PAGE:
Gartner: Economic Woes Will Increase Offshoring
Research firm Gartner is predicting that the current economic downturn in the United States will mean that more IT and development positions will go overseas.
In a summary of the report, "Offshoring IT Services Can Cut Costs: Options for a Potential Economic Downturn," Gartner analyst and Vice President Allie Young commented, "In the best case scenario [a short-term downturn], buyers will aggressively seek cost-saving measures by accelerating offshore delivery or, for first time users, moving IT services to offshore locations."
In the case of an extended downturn, Young predicted that "buyers will aggressively move toward offshore destinations and service providers that can offer a global delivery model to access lower-cost IT labor for routine IT work that must continue for the business to operate."
Another Gartner analyst, Arup Roy, agreed, saying that "Organizations are likely to conclude that increasing the proportion of work to offshore locations is the best way to reduce labor costs, among other benefits."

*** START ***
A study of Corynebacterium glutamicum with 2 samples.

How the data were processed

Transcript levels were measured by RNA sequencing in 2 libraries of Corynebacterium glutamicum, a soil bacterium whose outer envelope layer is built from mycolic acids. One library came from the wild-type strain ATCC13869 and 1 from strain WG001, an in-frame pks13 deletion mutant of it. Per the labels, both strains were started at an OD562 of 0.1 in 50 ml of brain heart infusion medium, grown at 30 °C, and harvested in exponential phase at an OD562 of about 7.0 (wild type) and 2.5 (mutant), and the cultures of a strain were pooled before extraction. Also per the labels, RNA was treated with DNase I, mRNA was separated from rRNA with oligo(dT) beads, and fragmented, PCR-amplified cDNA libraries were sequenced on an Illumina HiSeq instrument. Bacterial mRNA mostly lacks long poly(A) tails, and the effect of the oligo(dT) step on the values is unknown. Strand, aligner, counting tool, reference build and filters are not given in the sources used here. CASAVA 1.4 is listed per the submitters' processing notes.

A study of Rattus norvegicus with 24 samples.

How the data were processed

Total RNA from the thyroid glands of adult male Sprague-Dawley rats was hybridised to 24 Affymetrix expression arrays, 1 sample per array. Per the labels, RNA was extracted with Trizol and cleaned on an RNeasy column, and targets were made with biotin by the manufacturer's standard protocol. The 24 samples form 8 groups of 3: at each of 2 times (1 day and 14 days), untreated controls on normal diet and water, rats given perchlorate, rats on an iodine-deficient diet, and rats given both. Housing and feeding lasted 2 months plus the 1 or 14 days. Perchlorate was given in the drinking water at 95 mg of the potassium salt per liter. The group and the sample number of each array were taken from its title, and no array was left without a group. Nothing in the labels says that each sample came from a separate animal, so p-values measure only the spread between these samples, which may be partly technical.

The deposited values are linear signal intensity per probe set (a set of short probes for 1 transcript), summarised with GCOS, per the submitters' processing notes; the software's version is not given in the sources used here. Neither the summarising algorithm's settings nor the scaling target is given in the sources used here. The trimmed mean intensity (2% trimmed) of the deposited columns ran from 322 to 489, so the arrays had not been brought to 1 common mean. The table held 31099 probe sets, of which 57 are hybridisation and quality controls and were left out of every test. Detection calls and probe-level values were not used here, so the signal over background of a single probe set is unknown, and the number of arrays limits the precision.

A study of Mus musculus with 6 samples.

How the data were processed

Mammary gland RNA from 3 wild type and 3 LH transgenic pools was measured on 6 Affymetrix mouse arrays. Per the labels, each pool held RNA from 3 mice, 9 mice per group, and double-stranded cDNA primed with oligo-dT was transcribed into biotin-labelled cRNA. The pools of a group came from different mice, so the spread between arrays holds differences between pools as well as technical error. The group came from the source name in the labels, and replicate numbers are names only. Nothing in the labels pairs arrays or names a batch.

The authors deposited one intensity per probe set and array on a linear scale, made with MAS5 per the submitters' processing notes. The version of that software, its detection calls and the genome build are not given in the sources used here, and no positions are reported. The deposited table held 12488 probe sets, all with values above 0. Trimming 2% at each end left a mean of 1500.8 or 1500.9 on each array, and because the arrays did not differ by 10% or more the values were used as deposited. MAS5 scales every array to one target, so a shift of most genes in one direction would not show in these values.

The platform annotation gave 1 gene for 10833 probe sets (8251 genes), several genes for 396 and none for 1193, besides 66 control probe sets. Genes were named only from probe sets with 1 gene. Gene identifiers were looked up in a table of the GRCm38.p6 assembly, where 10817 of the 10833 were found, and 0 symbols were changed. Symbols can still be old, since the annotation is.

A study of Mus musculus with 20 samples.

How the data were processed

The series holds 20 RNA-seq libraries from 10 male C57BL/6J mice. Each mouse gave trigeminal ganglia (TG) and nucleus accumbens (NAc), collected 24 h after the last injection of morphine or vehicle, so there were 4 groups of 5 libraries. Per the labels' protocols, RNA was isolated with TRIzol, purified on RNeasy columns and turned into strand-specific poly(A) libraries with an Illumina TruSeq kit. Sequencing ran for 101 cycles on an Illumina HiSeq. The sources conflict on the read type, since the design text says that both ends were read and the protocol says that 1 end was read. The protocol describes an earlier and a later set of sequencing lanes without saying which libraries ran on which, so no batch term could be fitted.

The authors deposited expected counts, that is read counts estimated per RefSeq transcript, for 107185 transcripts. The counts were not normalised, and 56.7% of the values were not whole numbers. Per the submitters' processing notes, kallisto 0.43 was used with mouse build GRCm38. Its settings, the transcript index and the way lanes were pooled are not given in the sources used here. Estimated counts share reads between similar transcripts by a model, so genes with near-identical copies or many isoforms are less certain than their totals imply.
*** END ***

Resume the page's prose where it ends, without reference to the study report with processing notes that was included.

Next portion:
"In most sectors, the watchword is caution," Roy continued. "IT budgets have not yet been cut, and offshore services options are being considered or accelerated as a prudent step to contain labor costs."
The study was released by the India-based arm of Gartner last month. It indicated that India will most likely continue to be a lead choice for outsourced services, despite "the recent appreciation of the Indian rupee and rising wage rates."
The study is available here.
Becky Nagel is the vice president of Web & Digital Strategy for 1105's Enterprise Computing and Education Groups, where she oversees the front-end Web team and deals with all aspects of digital strategy for the groups. She also serves as executive editor the ECG Web sites, and you'll even find her byline on PureAI.com, the ECG group's newest site for enterprise developers working with AI. She recently gave a talk at a leading technical publishers conference about how changes in Web technology may impact publishers' bottom lines. Follow her on twitter @beckynagel.